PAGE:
The handful of fans has swelled into a formidable crowd, swaying along to the intense squall of guitars, hands waving in the air, eyes tightly shut as if everyone is praising God. Everyone is.
This Oakland outfit continues to create danceable manifestos for the masses: “I got scars on my back, the truth on my tongue,” front man Boots Riley raps. “Tell Homeland Security we are the bomb.”
Death was just another African-American R&B act from Detroit before the Stooges and the MC5 changed their lives
A highlight of my career as a music journalist was being asked to write liner notes to a box set of music by my all-time favorite singer and songwriter, Phil Ochs — and then getting a Grammy nomination for my work.
By 2012, Erykah Badu had undergone a beautiful evolution from pioneer of late-’90s neosoul to hard-hitting, politically inspired, space-funk godchild of George Clinton. I needed to talk to her. And so I did.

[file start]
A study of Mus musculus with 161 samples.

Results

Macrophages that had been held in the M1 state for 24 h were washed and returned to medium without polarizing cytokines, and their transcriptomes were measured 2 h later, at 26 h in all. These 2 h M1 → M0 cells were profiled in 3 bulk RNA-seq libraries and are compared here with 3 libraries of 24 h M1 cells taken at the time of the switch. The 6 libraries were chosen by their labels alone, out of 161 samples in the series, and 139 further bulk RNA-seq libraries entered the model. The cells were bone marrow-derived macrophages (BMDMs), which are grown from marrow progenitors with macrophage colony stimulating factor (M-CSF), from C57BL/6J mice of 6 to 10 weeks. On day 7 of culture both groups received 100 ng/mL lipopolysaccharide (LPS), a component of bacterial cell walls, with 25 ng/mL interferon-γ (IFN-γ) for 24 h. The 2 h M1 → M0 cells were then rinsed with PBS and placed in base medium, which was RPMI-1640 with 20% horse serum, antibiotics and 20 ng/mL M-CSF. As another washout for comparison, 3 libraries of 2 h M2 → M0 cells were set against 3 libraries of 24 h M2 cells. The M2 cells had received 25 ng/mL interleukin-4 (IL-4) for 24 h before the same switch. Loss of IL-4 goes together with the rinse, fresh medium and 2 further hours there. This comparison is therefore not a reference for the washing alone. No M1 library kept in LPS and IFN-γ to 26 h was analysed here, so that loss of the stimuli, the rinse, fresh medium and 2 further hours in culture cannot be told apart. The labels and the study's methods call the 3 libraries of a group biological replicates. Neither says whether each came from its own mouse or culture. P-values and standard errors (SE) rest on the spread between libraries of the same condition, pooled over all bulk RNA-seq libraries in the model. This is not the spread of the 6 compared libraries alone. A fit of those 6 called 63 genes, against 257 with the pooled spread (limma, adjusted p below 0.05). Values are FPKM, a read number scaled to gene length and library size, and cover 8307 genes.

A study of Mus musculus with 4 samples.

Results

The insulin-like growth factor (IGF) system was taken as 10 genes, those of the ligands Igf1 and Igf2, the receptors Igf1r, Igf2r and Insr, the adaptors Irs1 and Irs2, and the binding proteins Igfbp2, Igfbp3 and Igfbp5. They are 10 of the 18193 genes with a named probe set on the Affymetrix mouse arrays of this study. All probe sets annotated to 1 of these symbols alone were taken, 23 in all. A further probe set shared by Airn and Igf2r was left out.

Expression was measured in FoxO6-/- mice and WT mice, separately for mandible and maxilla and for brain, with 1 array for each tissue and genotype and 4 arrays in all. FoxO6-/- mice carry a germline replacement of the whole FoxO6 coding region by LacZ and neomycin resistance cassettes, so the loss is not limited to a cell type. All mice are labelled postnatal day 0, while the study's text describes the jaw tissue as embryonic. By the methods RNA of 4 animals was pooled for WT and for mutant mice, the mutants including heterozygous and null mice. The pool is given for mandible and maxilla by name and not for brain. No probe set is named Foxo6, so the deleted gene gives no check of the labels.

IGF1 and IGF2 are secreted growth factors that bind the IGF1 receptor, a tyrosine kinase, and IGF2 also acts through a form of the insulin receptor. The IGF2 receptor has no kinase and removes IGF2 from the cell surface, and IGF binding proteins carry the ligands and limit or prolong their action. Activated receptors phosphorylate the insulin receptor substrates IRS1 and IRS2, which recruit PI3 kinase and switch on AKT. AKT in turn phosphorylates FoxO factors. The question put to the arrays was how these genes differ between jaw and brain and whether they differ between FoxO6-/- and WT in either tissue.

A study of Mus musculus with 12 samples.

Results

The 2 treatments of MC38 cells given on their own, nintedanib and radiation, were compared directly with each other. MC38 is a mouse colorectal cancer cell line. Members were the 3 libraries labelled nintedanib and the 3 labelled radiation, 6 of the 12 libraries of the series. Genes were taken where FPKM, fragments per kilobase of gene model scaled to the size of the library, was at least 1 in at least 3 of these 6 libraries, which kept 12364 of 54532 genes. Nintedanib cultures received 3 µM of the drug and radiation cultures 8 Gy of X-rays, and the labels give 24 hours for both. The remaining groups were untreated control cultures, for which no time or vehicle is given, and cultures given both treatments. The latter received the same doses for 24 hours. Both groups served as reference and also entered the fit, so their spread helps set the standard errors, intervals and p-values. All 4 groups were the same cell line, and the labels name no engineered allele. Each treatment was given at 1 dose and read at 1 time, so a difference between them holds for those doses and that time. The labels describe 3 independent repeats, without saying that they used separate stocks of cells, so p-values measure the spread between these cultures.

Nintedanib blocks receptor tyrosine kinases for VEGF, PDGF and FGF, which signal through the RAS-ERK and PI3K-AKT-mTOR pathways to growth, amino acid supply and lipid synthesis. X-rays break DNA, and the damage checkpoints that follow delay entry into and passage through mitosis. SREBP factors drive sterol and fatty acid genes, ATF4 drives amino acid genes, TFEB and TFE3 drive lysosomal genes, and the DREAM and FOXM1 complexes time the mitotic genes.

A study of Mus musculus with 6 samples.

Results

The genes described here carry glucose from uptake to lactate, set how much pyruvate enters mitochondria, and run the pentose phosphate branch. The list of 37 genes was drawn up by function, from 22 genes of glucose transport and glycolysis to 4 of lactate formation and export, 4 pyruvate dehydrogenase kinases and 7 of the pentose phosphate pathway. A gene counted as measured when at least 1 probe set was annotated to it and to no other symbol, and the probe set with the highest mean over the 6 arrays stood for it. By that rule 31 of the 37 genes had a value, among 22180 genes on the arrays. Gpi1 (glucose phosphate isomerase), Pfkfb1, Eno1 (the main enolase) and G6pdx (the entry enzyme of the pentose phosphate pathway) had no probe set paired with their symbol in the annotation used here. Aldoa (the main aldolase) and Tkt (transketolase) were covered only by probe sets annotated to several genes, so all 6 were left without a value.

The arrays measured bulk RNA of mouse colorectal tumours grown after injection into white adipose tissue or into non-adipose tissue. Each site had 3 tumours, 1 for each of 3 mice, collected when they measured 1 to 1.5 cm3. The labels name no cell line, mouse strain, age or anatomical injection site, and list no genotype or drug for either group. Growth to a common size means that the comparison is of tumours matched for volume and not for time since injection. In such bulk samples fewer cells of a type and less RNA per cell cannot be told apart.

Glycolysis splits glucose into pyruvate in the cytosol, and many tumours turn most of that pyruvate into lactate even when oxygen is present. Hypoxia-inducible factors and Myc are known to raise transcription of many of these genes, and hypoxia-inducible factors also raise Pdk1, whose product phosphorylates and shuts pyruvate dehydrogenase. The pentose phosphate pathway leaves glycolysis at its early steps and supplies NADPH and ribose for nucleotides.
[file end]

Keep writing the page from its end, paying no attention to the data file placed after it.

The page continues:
In my 2004 book Dixie Lullaby, I wrote about a confrontational encounter I had with Chris Robinson of the Black Crowes backstage in Los Angeles in 1992. This is the story of that incident.
The old grey Jack Kerouac sweatshirt that dated back to my college years in the early ’80s was nowhere to be found. But today it’s in good hands.
With the recent election of Barack Obama as president of the United States, TV on the Radio may have been the most American band making music in 2008. Little did we know then that the country would face a vicious and sustained backlash that continues to threaten our democracy.
Billed as “The Fully Orchestrated Live Premiere of Big Star’s Third,” the core musicians included Mike Mills of R.E.M., Chris Stamey and Will Rigby of the dB’s, Mitch Easter of Let’s Active, and original Big Star drummer Jody Stephens.
Chuck D looked at me quizzically, his furrowed brow barely showing beneath the bill of his black Raiders cap. “Sure,” the rapper said as I handed him a yellowed copy of Allen Ginsberg’s Howl. “I’ll read it. Sounds interesting.”